Why is Shifting to a Vegetarian Diet Better for the Environment?

Why is Shifting to a Vegetarian Diet Better for the Environment?

Global warming poses among the most severe threats to the environment ever faced in human history. Earlier, Elijah Mcclain had spoken about how eating less meat is one of the most cost-effective and simple ways people can reduce the human impact on the environment. Behind the chicken roast or pork chops one may love is a highly wasteful, land- and energy-hungry system of farming. This system has a devastating impact on forests, as well as plays a huge role in polluting oceans, rivers, seas and the air.

Raising livestock animals for consumption, in fact, can create more greenhouse gasses than the cars and trucks in the world. Hence, reducing livestock production is important for lowering these emissions. As people switch to a vegetarian diet, it would invariably lower the demand for meat, ultimately leading to reduced livestock production and emissions.

The rapid rate of industrialization witnessed in the last couple of decades, increase in the global middle class, and the drastic population boom have led to the significant surge in global emissions due to human activities.  The world’s carbon emissions that come from food production are estimated to range from 25 to 35% of the global total. Meal is the largest perpetrator of these emissions. A large number of diets today include meat or meat by-products in every meal, and not many people take into account the implications of this cultural norm on the environment. A mindset shift is required to reframe the role played by meat consumption on the environmental footprint of a person.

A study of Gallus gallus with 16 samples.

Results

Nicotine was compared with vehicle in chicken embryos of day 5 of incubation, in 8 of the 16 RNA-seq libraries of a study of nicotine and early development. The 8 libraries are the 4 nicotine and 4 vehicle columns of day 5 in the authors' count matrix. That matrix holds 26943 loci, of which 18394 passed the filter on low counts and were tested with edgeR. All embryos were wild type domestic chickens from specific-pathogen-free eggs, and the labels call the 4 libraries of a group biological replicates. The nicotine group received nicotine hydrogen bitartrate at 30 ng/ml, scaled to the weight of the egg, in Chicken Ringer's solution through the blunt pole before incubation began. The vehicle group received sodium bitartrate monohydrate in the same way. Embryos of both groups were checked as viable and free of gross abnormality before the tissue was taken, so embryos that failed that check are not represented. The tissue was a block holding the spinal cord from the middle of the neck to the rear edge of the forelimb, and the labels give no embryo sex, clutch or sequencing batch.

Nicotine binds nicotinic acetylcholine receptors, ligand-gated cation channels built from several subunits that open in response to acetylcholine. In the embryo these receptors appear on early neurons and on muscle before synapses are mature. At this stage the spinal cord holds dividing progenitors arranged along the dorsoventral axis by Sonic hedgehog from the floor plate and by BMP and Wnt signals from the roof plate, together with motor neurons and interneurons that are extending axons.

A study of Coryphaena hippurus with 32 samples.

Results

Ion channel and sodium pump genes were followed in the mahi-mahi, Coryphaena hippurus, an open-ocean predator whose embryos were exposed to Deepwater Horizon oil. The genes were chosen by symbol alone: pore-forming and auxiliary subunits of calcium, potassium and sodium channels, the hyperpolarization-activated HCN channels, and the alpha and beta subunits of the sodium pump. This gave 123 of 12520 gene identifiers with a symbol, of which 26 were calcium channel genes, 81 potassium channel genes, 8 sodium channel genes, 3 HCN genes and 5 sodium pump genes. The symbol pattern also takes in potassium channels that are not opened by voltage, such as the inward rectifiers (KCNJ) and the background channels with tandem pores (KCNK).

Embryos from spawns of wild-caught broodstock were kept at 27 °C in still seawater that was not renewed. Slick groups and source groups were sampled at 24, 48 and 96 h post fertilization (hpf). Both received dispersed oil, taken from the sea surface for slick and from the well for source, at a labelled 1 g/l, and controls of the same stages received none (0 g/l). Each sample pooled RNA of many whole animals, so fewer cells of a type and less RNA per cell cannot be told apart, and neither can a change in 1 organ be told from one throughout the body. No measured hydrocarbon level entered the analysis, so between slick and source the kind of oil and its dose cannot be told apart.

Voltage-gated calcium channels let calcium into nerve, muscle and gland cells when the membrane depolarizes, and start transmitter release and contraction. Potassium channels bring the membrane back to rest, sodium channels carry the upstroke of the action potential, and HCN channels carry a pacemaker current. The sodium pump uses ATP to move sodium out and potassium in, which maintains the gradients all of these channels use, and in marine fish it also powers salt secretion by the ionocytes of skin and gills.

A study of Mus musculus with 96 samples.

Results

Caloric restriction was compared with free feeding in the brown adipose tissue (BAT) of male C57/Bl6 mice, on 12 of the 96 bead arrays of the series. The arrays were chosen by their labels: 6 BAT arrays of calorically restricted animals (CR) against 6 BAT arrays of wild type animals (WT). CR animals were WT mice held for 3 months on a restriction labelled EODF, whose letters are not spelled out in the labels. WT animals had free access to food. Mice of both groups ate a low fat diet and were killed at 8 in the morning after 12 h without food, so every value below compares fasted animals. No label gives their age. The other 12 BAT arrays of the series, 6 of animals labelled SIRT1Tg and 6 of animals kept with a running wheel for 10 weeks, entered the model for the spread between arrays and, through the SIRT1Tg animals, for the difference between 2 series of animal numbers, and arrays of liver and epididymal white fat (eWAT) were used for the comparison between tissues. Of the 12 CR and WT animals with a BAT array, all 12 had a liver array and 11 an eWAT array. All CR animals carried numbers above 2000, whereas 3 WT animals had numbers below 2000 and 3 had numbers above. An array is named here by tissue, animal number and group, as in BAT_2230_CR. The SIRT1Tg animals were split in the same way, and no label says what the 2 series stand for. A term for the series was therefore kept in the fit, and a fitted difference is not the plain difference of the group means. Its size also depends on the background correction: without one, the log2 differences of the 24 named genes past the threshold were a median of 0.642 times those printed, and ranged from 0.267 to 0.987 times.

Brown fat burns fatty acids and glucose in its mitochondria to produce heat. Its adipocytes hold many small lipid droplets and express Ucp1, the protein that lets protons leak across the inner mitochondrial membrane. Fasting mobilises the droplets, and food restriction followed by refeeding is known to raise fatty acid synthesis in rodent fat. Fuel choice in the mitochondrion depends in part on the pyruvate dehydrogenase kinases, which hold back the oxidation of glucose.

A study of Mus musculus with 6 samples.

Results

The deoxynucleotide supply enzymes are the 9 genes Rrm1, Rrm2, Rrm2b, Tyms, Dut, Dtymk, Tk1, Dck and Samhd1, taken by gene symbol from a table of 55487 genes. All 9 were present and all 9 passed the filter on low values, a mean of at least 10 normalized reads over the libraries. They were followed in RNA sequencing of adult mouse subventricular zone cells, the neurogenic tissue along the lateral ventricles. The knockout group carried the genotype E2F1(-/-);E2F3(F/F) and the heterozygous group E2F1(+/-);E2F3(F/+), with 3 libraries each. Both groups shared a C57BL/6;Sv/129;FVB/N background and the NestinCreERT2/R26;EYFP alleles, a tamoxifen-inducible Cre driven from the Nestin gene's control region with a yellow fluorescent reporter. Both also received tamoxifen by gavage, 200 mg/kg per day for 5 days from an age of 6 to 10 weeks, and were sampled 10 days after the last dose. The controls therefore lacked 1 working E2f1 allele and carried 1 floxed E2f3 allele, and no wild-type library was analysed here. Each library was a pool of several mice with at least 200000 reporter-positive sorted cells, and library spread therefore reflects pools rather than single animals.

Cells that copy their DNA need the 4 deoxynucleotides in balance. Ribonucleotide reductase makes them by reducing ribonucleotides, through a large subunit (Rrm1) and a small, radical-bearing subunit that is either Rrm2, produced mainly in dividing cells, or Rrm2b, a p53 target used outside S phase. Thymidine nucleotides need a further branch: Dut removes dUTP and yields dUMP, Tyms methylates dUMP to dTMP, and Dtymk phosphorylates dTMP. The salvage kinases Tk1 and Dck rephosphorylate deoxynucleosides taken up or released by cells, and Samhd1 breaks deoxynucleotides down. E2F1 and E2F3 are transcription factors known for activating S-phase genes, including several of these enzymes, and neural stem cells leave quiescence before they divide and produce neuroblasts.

Livestock farming accounts for almost one third of all food production emissions.  Changes in land use for livestock farming can be extremely disruptive to the environment. It can destroy ecosystems, including rainforests and mangrove communities, which are vital carbon sinks.  On the other hand, all plant-based protein sources have a lower average carbon-emission than animal sources. A large amount of resources and energy go into raising livestock for human consumption, right from making pastures for them to the energy from plants that they require to grow. Most of this energy is lost before it even gets to the human consumer. Animals are way less efficient ways of generating and consuming energy than plants, nuts or seeds.

The pollution stemming from livestock production primarily arises from animal waste, which can seep into the water systems, posing risks to aquatic ecosystems, soil quality, and air purity. These pollutants have adverse effects on both wildlife and human health. By decreasing meat consumption, people can ultimately mitigate pollution generated by livestock.

Earlier, Elijah Mcclain had spoken about how transitioning from a diet focused on meat consumption to vegetarianism has the potential to reduce the carbon footprint of an individual by more than 50%, depending on the specifics of the transition. This reduction is comparable to driving 1,300 fewer miles per year in terms of environmental impact. For instance, opting for 100 grams of protein from tofu instead of beef can reduce one’s carbon emissions by 16 times.

As an increasing number of people switch to a vegan or vegetarian diet, the demand for meat will go down. Hence, the incentive to deforest lands and change them for livestock farming will also become less appealing, resulting in higher carbon absorption from the atmosphere by undisturbed forests.